In Shakespeare's time, boy actors were painted to signify femininity. Actors who played clowns, ghosts and spirits also adorned their faces. Offstage, but also in the spotlight, Elizabeth I attempted to perpetuate a picture of power and youth, as her body crumbled, by applying ever more lurid layers of make-up.
Cosmetics, and women's use of them to transform their natural visage into a perfect portrait of beauty, have always been fascinating. And they have provided powerful images and metaphors, which have enriched the art of our greatest playwrights.
But author Farah Karim-Cooper, whose interest in cosmetics began while she was working on the make-up counter of Bloomingdale's in California, takes the story much further. She notes that while cosmetics have always offered the promise of perfection, the women who wore them were often branded and derided as trivial or deceptive, even equated with witches who adopted other forms to bewilder and deceive.
In A Treatise Against Witchcraft, Henry Holland makes the link between witchcraft, femininity and the cosmetic - a connection John Webster also unlocks in The Duchess of Malfi. In early texts there are three primary objections to cosmetics: the belief that alteration of the body was a crime against God, the fear of foreign ingredients and the necromantic effect of face paint. But Karim-Cooper argues that these anti-cosmetic diatribes also unearth a deeply rooted fear of gender, theatricality and race - and of women themselves, who were expected to look as beautiful as possible, but not so obviously that the tools of their transformation were evident.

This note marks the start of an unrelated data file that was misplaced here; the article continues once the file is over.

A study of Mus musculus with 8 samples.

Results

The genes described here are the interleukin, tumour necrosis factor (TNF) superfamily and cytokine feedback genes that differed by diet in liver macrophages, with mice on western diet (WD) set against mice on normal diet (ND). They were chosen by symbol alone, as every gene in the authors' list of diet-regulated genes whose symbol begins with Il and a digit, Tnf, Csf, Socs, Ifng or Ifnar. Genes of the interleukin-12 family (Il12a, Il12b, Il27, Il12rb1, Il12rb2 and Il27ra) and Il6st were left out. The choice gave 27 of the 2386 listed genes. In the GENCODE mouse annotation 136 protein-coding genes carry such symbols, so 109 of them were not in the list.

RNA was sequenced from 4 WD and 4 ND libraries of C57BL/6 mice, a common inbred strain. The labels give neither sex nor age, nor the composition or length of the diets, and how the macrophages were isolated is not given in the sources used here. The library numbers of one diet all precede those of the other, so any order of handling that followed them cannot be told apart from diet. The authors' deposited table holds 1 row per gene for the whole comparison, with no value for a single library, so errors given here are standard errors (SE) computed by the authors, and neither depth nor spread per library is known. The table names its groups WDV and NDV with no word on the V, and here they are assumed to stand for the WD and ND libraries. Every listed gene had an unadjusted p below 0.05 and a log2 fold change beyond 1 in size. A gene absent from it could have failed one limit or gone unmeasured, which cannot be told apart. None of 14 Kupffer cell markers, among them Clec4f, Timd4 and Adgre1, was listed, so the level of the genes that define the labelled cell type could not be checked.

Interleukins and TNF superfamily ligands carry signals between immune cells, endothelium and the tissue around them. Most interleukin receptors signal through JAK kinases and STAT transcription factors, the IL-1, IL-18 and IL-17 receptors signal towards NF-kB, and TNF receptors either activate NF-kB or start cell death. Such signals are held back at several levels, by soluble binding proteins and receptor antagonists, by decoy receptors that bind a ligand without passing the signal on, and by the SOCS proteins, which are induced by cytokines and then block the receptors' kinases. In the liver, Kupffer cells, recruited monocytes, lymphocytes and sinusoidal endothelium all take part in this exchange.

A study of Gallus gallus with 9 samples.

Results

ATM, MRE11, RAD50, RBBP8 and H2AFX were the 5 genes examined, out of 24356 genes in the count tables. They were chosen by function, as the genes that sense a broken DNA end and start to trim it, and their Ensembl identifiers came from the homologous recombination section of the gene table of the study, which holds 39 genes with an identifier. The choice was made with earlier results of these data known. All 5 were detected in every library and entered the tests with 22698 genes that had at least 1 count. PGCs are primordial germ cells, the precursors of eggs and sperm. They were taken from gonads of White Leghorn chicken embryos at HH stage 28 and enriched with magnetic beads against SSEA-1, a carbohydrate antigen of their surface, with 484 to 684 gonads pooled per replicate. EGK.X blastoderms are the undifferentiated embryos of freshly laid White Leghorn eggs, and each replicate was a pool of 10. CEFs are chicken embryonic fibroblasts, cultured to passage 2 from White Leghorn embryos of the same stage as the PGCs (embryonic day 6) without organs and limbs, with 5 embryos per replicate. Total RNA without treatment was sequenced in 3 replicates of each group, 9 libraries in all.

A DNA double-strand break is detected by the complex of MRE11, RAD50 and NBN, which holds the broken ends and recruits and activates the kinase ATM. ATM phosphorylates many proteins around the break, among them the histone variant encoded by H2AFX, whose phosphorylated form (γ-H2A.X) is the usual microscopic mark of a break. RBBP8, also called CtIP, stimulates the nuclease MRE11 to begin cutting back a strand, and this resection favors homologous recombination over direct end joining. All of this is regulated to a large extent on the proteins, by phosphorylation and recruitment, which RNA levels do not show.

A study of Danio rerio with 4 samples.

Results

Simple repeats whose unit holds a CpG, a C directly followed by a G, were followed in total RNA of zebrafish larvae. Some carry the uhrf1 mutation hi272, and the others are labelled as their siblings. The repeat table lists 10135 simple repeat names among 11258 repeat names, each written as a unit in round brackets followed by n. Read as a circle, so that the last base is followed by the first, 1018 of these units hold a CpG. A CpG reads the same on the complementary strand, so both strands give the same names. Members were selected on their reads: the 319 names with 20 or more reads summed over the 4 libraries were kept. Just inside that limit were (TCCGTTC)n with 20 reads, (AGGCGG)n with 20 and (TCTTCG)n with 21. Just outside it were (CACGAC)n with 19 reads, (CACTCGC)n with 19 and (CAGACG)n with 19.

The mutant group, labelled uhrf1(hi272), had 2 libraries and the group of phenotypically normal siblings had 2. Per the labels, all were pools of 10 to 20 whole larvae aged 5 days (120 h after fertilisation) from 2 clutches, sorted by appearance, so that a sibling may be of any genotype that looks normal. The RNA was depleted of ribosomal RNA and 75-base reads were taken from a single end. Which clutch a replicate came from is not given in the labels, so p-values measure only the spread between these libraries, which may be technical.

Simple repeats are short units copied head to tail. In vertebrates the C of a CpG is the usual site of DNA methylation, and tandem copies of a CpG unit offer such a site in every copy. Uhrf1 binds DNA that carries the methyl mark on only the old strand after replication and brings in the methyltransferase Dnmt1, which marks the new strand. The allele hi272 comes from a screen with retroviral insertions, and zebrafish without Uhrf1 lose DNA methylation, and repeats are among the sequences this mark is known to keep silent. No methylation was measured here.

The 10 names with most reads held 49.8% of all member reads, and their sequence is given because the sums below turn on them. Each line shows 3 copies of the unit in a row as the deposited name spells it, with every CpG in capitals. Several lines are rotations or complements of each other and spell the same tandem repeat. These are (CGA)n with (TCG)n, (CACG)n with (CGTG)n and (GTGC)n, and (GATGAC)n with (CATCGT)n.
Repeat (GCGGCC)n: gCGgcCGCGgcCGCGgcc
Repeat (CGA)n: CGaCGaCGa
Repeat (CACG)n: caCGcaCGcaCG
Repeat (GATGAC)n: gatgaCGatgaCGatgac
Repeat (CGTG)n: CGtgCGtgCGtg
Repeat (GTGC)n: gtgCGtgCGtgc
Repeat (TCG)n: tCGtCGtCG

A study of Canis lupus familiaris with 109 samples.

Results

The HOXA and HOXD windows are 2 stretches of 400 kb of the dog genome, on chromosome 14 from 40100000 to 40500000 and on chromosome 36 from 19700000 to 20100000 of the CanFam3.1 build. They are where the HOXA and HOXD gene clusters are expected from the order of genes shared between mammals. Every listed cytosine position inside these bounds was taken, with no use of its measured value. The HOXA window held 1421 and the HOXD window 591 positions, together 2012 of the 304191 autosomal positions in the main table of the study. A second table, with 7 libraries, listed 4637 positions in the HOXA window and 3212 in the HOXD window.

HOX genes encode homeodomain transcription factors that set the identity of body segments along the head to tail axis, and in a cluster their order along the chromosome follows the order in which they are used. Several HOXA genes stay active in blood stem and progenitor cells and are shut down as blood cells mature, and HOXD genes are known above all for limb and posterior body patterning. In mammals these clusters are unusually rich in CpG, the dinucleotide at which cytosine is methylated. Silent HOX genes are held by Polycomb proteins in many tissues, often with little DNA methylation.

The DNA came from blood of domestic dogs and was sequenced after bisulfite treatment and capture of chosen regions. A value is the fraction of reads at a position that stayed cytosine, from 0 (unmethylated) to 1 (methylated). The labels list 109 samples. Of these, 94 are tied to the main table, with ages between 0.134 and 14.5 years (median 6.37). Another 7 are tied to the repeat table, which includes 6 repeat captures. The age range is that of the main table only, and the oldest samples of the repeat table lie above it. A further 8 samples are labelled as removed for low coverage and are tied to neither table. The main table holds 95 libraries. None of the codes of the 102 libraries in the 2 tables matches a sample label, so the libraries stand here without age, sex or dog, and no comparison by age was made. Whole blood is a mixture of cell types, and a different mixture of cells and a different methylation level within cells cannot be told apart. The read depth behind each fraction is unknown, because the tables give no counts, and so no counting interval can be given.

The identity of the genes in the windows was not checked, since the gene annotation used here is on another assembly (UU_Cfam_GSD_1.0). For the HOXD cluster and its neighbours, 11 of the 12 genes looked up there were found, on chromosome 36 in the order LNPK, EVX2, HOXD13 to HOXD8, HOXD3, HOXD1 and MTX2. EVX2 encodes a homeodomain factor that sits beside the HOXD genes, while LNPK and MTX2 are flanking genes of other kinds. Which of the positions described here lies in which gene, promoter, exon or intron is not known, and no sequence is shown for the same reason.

She highlights literary examples where characters have used cosmetics as part of their attack. Hamlet mocks his mother Gertrude for not being a faithful widow by alluding to a blister on her forehead: in Shakespearean times these were either a sign of a prostitute (women were often branded there) or a symptom of syphilis. The scars were hidden with make-up.
In Macbeth the witches use "leopard's bane", "juice of toad" and "oil of adder" to conjure prophetic images of Macbeth's demise, ingredients that bear a striking resemblance to the extraordinary contents of cosmetics recipes.
There is reference to the ephemeral nature of painted beauty Hermione in The Winter's Tale, with the warning that kissing her lips would "stain your own". The original audience would have known that kissing painted ladies could be a messy affair.
Some things, it seems, never change.
Cosmetics in Shakespearean and Renaissance Drama by Farah Karim-Cooper is published by Edinburgh University Press.